Healthy and Delicious Vietnamese Noodle Salad

The tastiest thing out of Vietnam since fried Panda! by Amy Bermudez

Vietnamese noodle saladIn Vietnam there is a saying: Noodle salad, like revenge, is a dish best served cold. And believe me, after one bite you’ll be hungering for more revenge. I mean noodle salad. Okay, maybe they don’t say that in Vietnam, but it’s nice to think that my two favorite things share a common link.

At it’s apex, Vietnamese Noodle salad, also called bun, uses fresh vegetables, noodles, and meat as a harmony of hot and cold components to converge into a kind of uber-salad without equal in our world. It is a devastatingly perfect mix of ingredients that take your taste buds on a magical tasty safari through the awe-inspiring delicious food jungles of Vietnam

When I was young, hot summers meant my mother would head to the store, and bring back a variety of fresh vegetables, soft rice-noodles, herbs, and meat. I still remember smelling the thin-cut beef on the grill as I’d head inside from the sticky summertime dusk. Sitting at the table my mom would fill my bowl, drizzle nuoc cham (Vietnamese dressing) and sprinkle chopped peanuts on top while I waited, poised to attack with my chopsticks. Today I prepare my own bun salad (never quite as good as mom’s) one to two times a week. It’s healthy and balanced. The small handful of soft noodles is topped with a generous portion of vegetables, making the bulk of the meal, and served with a portion of protein, which acts almost as a garnish. All the ingredients can be prepared ahead of time, making it quick and easy to put together after a long hot day.

Making Bun

Bun salads are easy to make at home, but first you must start with the right noodles. Bun Bun
noodles are made from rice (unlike Italian noodles made from eggs and wheat flour) and have a soft and “springy” texture. They do not have an intense flavor of their own. Instead they serve as a sort of sponge that absorbs the flavors added and bestows heartiness to the dish not usually found in traditional western salads. Anyone who has taken a trip to the local Asian market, knows how easy it is to be overwhelmed by the maze that is the noodle aisle. Bun noodles are now carried in a variety of grocery stores in the international section, so it’s not necessary to go to an Asian grocery. Commonly, people mistake rice vermicelli with cellophane vermicelli. Cellophane vermicelli, are noodles made from mung bean, not rice, and have a translucent appearance when cooked. However when dry, it can be difficult to distinguish this noodle from rice vermicelli, so look for packages that have the words “bun”, “rice sticks”, or “rice vermicelli on them. Boil the noodles till soft, drain, cool and leave at room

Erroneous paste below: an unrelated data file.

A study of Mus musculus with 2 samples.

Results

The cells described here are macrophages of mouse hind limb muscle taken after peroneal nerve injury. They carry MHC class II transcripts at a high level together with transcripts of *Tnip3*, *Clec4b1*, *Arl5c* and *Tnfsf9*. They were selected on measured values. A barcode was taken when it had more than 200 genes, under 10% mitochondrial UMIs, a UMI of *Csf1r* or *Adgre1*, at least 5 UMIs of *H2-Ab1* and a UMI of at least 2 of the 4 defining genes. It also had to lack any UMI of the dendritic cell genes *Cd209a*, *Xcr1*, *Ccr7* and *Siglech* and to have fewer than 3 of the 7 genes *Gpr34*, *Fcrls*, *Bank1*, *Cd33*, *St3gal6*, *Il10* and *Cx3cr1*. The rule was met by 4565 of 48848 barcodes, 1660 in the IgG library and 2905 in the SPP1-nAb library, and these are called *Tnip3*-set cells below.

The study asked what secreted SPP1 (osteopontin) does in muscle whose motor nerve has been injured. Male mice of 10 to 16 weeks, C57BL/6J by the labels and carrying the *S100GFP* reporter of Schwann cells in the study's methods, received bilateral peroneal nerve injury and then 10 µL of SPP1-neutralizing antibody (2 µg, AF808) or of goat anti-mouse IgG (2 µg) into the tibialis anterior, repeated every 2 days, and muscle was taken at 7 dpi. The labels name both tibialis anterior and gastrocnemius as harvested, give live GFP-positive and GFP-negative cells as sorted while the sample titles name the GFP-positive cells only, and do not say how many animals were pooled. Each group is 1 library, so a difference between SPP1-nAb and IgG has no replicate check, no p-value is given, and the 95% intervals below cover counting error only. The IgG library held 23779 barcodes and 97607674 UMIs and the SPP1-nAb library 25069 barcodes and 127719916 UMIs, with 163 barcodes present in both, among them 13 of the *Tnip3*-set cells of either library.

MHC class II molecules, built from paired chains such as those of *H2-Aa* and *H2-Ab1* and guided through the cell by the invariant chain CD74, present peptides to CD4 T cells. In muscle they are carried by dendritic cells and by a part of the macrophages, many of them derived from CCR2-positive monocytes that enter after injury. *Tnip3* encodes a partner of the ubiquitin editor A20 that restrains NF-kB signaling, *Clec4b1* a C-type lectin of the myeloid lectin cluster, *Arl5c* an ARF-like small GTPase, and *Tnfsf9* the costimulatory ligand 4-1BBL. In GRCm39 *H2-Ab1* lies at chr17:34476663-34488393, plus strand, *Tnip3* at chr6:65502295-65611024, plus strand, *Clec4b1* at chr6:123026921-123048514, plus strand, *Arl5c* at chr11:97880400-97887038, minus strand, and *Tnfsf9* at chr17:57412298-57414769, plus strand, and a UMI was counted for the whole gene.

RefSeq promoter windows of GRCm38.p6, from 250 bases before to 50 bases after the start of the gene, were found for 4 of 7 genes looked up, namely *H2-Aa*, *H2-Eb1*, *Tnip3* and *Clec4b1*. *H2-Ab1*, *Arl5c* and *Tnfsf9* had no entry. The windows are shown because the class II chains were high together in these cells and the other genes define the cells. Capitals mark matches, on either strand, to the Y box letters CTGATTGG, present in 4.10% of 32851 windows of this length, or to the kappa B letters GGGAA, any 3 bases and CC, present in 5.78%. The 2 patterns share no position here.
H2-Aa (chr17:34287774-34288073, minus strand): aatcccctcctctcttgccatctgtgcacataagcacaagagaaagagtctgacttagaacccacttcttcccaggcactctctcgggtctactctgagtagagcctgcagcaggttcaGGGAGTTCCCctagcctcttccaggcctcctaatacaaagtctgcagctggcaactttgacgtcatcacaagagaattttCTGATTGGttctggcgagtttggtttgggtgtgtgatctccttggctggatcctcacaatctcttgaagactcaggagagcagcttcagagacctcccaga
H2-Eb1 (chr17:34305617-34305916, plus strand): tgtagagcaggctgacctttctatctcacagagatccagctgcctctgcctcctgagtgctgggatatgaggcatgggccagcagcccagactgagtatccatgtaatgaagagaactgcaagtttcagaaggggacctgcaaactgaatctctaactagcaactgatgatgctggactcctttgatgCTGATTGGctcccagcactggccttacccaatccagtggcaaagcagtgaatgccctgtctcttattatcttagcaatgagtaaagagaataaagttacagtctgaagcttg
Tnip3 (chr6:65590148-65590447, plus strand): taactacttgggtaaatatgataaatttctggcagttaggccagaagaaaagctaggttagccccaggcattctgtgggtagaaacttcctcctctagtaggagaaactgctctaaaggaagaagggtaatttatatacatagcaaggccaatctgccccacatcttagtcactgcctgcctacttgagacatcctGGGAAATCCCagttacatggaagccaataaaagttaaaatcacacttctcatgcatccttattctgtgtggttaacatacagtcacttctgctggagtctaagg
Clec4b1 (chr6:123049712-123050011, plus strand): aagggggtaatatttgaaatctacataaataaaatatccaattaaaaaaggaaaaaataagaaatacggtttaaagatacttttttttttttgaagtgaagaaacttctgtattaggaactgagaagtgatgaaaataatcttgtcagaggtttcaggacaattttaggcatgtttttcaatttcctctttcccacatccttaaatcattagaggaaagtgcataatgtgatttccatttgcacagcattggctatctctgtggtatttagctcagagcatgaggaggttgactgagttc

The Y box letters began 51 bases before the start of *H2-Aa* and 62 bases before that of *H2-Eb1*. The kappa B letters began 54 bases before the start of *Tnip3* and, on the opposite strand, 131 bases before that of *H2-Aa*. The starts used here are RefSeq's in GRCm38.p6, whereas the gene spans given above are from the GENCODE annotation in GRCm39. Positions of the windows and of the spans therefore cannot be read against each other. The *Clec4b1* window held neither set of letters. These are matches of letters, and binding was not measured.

temperature.

The Toppings
Vietnamese salad toppings
On top of the bun noodles should sit a variety of crunchy vegetables, fragrant herbs, and grilled meats. The vegetables my mother usually adds are julienned carrots, julienned daikon, bean sprouts, sliced cucumbers, and chopped romaine lettuce. I frequently add left over stir-fried vegetables such as bamboo shoots, broccoli, carrots, and squash to my salad. Use any combination of vegetables you feel comfortable eating. Traditional bun salad herbs are mint, cilantro, and Thai basil. Italian basil can be used but I think the Thai basil has a more Asian flare with its mild anise flavor. The meat topping is usually grilled. My mother always grilled beef for her bun salads, but other traditional and splendidly tasty alternatives are grilled lemongrass chicken, shrimp, marinated pork, or tofu. As you can see, there's plenty of room for variety here. The flavor greatly depends on what combination of vegetables, herbs, and
protein you choose. When serving bun salads, arrange grilled steak for noodle saladthe toppings in separate piles on a
plate so you and your guests can experiment.

Nuoc Cham, Vietnamese Dressing and Dipping Sauce

Perhaps the most disturbing ingredient to my American upbringing is the fish sauce. Yes, it is a brown, smelly, condiment-like sauce that IS made from the extracted liquid of fish. And while it may sound like a recipe for days of food poisoning induced toilet-hugging, the end result is nothing short of inspiring. Fish sauce can be found in any Asian grocery and commonly stocked in local grocery stores.


Nuoc cham is the traditional dressing for bun salads, though it doubles as a dipping sauce for egg rolls and spring rolls. The recipe is equal parts fish sauce and sugar, diluted with hot water to taste. For extra flavor and heat, add crushed/chopped garlic, chili paste, and lime juice. Mix all the ingredients together and stir until all the sugar has dissolved. Nuoc cham should be served chilled or at room temperature, and can be stored in the refrigerator in an air tight container for several days. The ratio of ingredients in this recipe can be adjusted to your taste and prefference. You don't necessarily have to add as much sugar as listed, I tend to add less to lend more of a "vinegar" bite.

Nuoc ChamNuoc Cham Recipe:

1 clove garlic chopped or crushed
1 tsp chili paste (I use Sriracha, I called it rooster sauce as a child)
1/3 cup granulated sugar
1/3 cup fish sauce
1 cup hot water
2 Tbsp lime juice
1 pinch of julienned carrot for garnish



Assemble and Enjoy!

Healthy and Delicious Vietnamese Noodle Salad - Nutrition for the WorldFill the bottom of your bowl with a small portion of bun noodles. Then fill with a variety of fresh herbs and vegetables. Top this vegetable mountain with a portion of grilled meat or tofu. Drizzle nuoc cham dressing on top and garnish with chopped peanuts. Lastly turn the noddles over a couple times to incorporate the dressing and dig in! Here is a picture of my mother and I enjoying our freshly made bun salads. Hope you end up with the same cheesy smile on your face after you make this dish yourself. Enjoy!